However, a couple of recent developments could help Merck turn things around. With that as a backdrop, let’s look at Merck’s overall business and decide whether it is worth buying the company’s shares today.

MRK data by YCharts

Solid growth drivers

Merck’s business has become almost synonymous with its flagship product, Keytruda. This cancer drug is one of the best-selling medicines in the world, and it continues to rack up label expansions. In terms of revenue, Merck is far from having peaked, too: During the third quarter ending Sept. 30, sales of the drug jumped by 22% year over year to $4.5 billion.

Keytruda is still undergoing a raft of clinical trials, and it is expected to become the top-selling drug in the world within the next few years. That’s why it will continue to feature squarely in Merck’s growth strategy. But the company does have other opportunities. Most notably, Merck’s animal health segment is performing well. During the third quarter, sales of the company’s animal health business increased by 16% to $1.4 billion.

Image source: Getty Images.

Merck is one of the most prominent players in the animal health space. According to some estimates, the animal health market will expand at a compound annual growth rate (CAGR) of 9% through 2028.

Let’s not forget about Merck’s human papillomavirus (HPV) vaccines, Gardasil and Gardasil 9, the combined sales of which soared by 68% to $2 billion during the third quarter. The drugmaker’s total sales came in at $13.1 billion, 20% higher than the year-ago period. Merck’s current lineup of products is robust, and it is about to get even better. 

More opportunities ahead

Recent events have made Merck a more attractive investment. First, there is molnupiravir, a coronavirus drug it developed with Ridgeback Biotherapeutics. Merck released positive results from a phase 3 clinical trial for molnupiravir in October. The company reported that the therapy decreased the risk of hospitalization or death by 50% in patients with mild to moderate cases of COVID-19. 

None of the patients treated with this medicine died during the study, while eight deaths were recorded in the placebo arm. These results are significant since most leading COVID-19 therapies have severe limitations. Veklury, marketed by Gilead Sciences, is administered by intravenous infusion, while REGEN-COV — which was developed by Regeneron Pharmaceuticals — is administered via infusion or subcutaneous injection.

A pill is much easier for patients to take, and that’s why molnupiravir could capture a decent share of this market. The medicine was recently approved in the U.K., and Merck is awaiting word from health authorities in the U.S. and the EU. The company also announced agreements to supply several governments (including the U.S.) with millions of courses of molnupiravir pending regulatory approval. This medicine will have a meaningful impact on Merck’s top line for much of the rest of the pandemic — and perhaps beyond if COVID-19 becomes a seasonal illness.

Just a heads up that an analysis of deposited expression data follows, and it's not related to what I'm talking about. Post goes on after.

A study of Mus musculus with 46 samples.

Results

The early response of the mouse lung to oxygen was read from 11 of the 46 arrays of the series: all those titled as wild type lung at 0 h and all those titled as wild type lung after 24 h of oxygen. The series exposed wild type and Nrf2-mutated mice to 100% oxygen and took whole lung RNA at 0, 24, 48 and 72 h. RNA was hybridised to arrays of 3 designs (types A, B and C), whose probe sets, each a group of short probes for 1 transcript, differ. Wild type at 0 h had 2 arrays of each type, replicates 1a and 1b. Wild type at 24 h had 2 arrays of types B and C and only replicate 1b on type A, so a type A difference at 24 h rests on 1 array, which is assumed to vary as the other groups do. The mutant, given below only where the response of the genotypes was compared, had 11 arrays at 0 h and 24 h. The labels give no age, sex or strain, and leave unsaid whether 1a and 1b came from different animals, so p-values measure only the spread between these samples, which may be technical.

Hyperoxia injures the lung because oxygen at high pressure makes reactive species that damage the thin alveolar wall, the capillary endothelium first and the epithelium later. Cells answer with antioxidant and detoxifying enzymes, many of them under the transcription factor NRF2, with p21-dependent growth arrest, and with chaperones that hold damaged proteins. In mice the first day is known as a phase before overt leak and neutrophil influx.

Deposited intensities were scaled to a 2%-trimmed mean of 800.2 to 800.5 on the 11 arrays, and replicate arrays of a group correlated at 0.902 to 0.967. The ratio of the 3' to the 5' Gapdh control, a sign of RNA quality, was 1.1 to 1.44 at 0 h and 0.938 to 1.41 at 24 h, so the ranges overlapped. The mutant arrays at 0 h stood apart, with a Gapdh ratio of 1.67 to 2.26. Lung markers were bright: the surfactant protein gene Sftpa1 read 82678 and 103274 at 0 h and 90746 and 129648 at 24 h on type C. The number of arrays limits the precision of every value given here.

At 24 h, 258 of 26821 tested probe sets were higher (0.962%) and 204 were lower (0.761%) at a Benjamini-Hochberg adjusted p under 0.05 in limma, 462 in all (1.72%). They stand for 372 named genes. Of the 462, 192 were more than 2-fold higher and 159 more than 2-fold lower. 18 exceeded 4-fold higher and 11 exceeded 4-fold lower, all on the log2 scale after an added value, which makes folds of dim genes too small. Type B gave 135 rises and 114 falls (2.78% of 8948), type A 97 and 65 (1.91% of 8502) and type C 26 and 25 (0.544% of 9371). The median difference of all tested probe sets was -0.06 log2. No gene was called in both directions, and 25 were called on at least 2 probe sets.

Lastly, Merck plans to acquire all outstanding shares of Acceleron Pharma for $180 per share in cash. The company hopes to close this deal in the fourth quarter — that is, between Oct. 1 and Dec. 31. Merck has big plans for Acceleron’s leading pipeline candidate, sotatercept. According to Merck’s CEO, Rob Davis, “Sotatercept has the potential to become foundational as an add-on therapy in the treatment of pulmonary arterial hypertension, where there is a strong need for a new agent that can potentially address the underlying illness and not just the symptoms of this grievous disease.”

Investors can expect the deal to strengthen Merck’s pipeline, and therefore, its overall business. 

Why Merck’s stock is a buy

Merck’s flagship product, Keytruda, still boasts a long runway for growth, and the company’s HPV vaccines are expected to bring in increasingly high sales over the next several years. Then there is the company’s animal health business, its promising coronavirus drug molnupiravir, and the pending acquisition of Acceleron Pharma that will add more fuel to its growth engine.

Merck’s business looks rock solid, and with a forward price to earnings (P/E) ratio of 14.4 compared to an average forward P/E ratio of 13.9 for the pharma industry, Merck is reasonably valued. That’s why despite its poor showing in the past year, I believe that Merck is well-positioned to perform much better in the long run.

This article represents the opinion of the writer, who may disagree with the “official” recommendation position of a Motley Fool premium advisory service. We’re motley! Questioning an investing thesis — even one of our own — helps us all think critically about investing and make decisions that help us become smarter, happier, and richer.